Yohan Bernard (CREGO EA 7317, University of Franche-Comté, Besançon, France)
Laurent Bertrandias (CRM, CNRS UMR 5303 / LGCO, University of Toulouse 3, Paul Sabatier, Toulouse, France)
Leila Elgaaied-Gambier (THEMA, CNRS UMR 8184, University of Cergy-Pontoise, Cergy-Pontoise, France)

International Journal of Retail & Distribution Management

ISSN: 0959-0552

Article publication date: 11 May 2015




To encourage sustainable consumer practices, public policy makers introduce new ecological measures, including mandatory programmes that require companies to provide environmental information about their products, even if the information is not flattering. Few academic studies consider the potential impacts of such mandatory eco-labels on consumer behaviour; the purpose of this paper is to seek to identify conditions in which a generalized eco-label in stores might modify consumers’ purchase choices.


Two quasi-experimental studies (n=333, 126) manipulate environmental information with a simple, traffic light – shaped eco-label. The measures focus on respondents’ choice or purchasing intentions, perceptions of the environmental harmfulness of each product, and individual characteristics (i.e. environmental concern, price sensitivity, familiarity with environmental information about the product category).


The presence of an eco-label influences consumers’ beliefs about products’ environmental harm and thus choice. The effect of perceived harmfulness on choice is moderated by environmental concern and price sensitivity, though combined effects arise for only one of the two product categories tested (dish soap, not yoghurt). With a third product category (paper towels), Study 2 confirms the influence of familiarity with environmental information.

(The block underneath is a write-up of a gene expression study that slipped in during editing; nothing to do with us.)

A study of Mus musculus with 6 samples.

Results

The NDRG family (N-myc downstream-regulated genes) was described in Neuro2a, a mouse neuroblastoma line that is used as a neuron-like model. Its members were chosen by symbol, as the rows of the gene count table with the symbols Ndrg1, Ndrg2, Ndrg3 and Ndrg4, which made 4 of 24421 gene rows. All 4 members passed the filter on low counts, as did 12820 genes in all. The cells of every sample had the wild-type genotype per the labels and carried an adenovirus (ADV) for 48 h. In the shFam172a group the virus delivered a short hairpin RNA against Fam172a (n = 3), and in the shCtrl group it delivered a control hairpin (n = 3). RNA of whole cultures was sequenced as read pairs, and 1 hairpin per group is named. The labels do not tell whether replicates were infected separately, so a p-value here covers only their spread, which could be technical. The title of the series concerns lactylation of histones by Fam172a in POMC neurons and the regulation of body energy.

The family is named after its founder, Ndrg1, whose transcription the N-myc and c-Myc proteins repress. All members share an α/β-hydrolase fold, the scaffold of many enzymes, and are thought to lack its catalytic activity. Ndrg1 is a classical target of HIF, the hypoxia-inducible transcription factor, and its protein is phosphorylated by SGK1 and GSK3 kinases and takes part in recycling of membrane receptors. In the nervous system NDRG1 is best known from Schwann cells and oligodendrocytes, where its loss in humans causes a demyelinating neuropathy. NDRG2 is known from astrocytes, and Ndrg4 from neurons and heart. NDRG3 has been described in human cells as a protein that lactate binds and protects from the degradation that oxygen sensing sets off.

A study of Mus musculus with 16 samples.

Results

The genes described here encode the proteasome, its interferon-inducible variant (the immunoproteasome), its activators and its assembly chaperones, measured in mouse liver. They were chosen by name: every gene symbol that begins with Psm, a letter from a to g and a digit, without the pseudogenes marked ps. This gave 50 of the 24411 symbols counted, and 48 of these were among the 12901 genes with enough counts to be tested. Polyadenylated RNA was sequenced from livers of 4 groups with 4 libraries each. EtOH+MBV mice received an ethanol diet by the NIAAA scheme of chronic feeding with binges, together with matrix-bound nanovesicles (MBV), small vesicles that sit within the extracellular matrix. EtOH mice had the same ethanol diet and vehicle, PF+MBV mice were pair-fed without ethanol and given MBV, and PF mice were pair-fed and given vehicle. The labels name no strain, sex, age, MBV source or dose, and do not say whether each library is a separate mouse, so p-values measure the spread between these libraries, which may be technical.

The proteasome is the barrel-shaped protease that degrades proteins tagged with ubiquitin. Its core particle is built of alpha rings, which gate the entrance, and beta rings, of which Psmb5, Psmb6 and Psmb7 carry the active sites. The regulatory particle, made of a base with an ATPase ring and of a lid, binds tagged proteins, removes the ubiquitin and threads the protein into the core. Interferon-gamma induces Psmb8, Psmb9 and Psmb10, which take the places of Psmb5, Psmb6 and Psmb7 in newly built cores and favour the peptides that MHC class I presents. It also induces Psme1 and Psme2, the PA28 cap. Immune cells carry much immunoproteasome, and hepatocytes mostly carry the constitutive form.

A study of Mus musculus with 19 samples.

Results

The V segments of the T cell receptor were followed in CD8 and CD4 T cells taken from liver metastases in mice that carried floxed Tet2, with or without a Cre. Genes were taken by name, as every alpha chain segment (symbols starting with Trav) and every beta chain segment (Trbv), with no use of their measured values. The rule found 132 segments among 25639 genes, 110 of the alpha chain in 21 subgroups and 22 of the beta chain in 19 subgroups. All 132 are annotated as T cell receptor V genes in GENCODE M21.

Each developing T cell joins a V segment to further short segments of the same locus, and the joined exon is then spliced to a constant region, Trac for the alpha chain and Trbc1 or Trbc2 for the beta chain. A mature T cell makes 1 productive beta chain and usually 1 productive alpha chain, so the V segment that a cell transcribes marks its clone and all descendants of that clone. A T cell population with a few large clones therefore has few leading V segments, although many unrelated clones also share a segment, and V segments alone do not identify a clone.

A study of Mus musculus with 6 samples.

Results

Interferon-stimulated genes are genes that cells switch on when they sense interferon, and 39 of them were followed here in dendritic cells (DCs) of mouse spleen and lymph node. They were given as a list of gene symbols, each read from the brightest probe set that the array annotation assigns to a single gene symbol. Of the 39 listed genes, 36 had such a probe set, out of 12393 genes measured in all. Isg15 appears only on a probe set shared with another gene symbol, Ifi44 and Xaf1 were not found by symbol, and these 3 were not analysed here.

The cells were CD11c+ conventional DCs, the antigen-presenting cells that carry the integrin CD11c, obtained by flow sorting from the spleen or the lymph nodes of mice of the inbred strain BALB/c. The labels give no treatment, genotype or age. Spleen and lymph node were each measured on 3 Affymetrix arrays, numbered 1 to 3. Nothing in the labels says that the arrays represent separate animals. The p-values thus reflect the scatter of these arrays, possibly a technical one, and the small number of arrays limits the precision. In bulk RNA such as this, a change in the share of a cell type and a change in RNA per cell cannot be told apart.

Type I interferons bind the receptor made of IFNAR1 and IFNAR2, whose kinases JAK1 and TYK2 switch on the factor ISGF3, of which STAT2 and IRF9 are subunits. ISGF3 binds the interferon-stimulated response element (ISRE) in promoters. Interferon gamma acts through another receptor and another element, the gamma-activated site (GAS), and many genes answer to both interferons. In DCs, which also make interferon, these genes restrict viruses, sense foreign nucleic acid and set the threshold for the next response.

Research limitations/implications

Familiarity with environmental information accounts for some differences across product categories, but other factors also come into play. These results must be interpreted carefully due to the use of a fictive eco-label.


This paper examines the potential effects of a generalized, mandatory programme. It also addresses the lack of consistent label effectiveness across product categories, with a possible explanation based on perceived familiarity with environmental information.



The authors want to thank Florence Benoit-Moreau, Catherine Janssen, Jeanne Lallement, Sarah Machat Béatrice Parguel, Joëlle VanHamme and Fabien Durif for their useful comments on preliminary versions of this paper.


Bernard, Y., Bertrandias, L. and Elgaaied-Gambier, L. (2015), "Shoppers’ grocery choices in the presence of generalized eco-labelling", International Journal of Retail & Distribution Management, Vol. 43 No. 4/5, pp. 448-468.